Last December, Danielle and Alexander Meitiv, and their 10-year-old son Rafi and six-year-old daughter Dvorah found themselves in the middle of the hottest parenting topic of our generation: free-range parenting. The Meitiv parents had allowed their children to walk home alone from the park in their suburban Maryland neighbourhood, a stroll less than two miles from their home. I first wrote about their story for Today's Parent in March and again in April.
Unfortunately, local residents, police and Child Protective Services (CPS) of Montgomery County didn't see it the same way. The police detained the youngsters and a charge of child neglect was laid against the parents on December 20, 2014. It was a shocking charge, given that the parents had assessed the risks of letting their kids play in the park without supervision and had coached them through the process. In March, CPS found the family guilt of “unsubstantiated” child neglect.
“I was kind of horrified,” Danielle Meitiv told the Washington Post when the guilty verdict was announced. “You try as a parent to do what’s right. Parents try so hard. Even though I know they are wrong, it’s a painful judgment.” The Meitivs said that they planned to appeal the verdict.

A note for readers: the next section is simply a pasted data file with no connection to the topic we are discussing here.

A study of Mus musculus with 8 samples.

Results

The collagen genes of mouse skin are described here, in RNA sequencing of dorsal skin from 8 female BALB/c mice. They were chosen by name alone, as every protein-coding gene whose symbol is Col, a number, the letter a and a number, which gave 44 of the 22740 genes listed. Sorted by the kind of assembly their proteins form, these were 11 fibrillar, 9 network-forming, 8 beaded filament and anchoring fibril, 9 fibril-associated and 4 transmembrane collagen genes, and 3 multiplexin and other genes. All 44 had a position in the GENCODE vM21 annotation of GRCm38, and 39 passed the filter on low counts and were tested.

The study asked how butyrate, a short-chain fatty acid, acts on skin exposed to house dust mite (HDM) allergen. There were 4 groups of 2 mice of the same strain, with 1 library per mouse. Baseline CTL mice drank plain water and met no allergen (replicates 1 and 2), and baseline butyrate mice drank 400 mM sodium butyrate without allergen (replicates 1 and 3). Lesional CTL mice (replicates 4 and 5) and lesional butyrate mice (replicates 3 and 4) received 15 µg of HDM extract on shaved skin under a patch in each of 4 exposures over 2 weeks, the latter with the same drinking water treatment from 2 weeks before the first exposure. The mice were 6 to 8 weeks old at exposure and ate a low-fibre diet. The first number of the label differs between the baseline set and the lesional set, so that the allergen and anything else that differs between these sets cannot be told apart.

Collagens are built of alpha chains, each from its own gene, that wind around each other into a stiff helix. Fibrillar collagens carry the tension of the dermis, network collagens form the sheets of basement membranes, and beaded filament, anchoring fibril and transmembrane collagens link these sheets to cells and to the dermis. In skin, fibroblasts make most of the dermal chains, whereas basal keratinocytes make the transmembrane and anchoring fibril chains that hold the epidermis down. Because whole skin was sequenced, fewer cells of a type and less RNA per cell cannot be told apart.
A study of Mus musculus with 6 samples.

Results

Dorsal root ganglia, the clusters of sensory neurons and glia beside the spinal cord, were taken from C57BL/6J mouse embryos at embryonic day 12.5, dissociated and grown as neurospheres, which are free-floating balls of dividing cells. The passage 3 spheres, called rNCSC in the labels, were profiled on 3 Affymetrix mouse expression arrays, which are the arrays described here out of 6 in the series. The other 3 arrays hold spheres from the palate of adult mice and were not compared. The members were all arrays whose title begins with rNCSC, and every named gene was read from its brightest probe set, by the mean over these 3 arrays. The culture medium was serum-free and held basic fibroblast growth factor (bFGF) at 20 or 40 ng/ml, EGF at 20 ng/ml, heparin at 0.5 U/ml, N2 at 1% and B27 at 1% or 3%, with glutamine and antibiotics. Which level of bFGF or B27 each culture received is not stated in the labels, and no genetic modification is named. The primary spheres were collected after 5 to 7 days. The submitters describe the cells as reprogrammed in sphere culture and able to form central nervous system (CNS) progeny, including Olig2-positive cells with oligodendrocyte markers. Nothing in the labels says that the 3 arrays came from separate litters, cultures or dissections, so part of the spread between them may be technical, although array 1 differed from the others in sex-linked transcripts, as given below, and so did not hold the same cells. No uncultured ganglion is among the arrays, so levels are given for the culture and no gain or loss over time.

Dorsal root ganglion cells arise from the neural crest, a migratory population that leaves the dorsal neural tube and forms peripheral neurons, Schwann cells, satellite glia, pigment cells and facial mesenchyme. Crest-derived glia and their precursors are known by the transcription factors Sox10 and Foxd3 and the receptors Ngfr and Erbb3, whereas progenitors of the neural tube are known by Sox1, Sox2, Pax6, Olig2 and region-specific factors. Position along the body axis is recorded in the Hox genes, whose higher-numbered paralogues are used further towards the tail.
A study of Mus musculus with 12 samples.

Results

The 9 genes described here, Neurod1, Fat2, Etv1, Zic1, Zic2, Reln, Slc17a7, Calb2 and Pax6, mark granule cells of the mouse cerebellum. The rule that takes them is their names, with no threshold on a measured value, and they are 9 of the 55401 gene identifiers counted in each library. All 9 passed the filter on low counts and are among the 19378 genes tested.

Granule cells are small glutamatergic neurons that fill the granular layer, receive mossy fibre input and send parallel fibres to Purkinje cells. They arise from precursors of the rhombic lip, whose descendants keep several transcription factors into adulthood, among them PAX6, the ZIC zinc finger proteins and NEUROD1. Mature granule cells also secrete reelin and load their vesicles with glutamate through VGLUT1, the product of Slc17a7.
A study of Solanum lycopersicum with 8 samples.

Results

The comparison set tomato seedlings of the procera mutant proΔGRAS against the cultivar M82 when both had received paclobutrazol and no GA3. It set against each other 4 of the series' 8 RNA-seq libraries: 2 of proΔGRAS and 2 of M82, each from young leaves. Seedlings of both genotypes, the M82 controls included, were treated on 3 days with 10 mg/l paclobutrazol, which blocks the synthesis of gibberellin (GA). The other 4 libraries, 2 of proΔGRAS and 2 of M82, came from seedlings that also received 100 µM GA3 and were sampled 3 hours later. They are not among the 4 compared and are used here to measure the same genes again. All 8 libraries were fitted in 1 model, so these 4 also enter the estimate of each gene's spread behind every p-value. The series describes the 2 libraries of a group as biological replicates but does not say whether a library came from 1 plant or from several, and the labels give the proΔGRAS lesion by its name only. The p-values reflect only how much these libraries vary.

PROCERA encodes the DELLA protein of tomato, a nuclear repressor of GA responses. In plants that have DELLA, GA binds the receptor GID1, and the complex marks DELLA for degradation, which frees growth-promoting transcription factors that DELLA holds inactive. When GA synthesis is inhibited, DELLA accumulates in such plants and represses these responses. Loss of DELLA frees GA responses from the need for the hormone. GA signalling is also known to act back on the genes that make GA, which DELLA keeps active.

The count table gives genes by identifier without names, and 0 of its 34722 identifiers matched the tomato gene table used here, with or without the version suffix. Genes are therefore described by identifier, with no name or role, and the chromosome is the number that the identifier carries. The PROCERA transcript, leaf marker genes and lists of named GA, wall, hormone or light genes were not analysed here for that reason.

That appeal won't be necessary: This week, CPS announced they changed their minds about their initial decision and the charges of unsubstantiated neglect relating to the December incident have been ruled out.
“This ruling confirms that we never exposed our children to a ‘substantial risk of harm,’” says Danielle Meitiv in a statement. “Although we welcome the decision, we are concerned that CPS’s misguided policy remains intact. We fear that our family and other Maryland families will be subject to further investigations and frightening police detentions simply because our children have been taught how to walk safely in their neighbourhood, including to and from school and local parks.”
Unfortunately, the family is still under investigation by CPS. Last month, Rafi and Dvora were detained by local police for walking home alone from the park, an incident officials are still looking into.
“We are glad that the agency has reconsidered its decision and agreed with us that there was no child neglect. This conclusion was clear from the start. We trust that CPS will apply the law in a constitutional and consistent manner going forward, and quickly resolve its current investigation, which remains pending,” says Thomas DeGonia, one of the attorneys representing the family.
Whether or not this ruling ends the free-range parenting debate remains to be seen, but I suspect that even if the next set of child neglect charges are ruled out, the Meitivs will still continue to be under constant scrutiny by police and Child Protective Services. Which means that parents like myself and the Meitivs, who believe in the value of free-play and independence, will have to continue to watch our backs, not for strangers, but for over-zealous good Samaritans.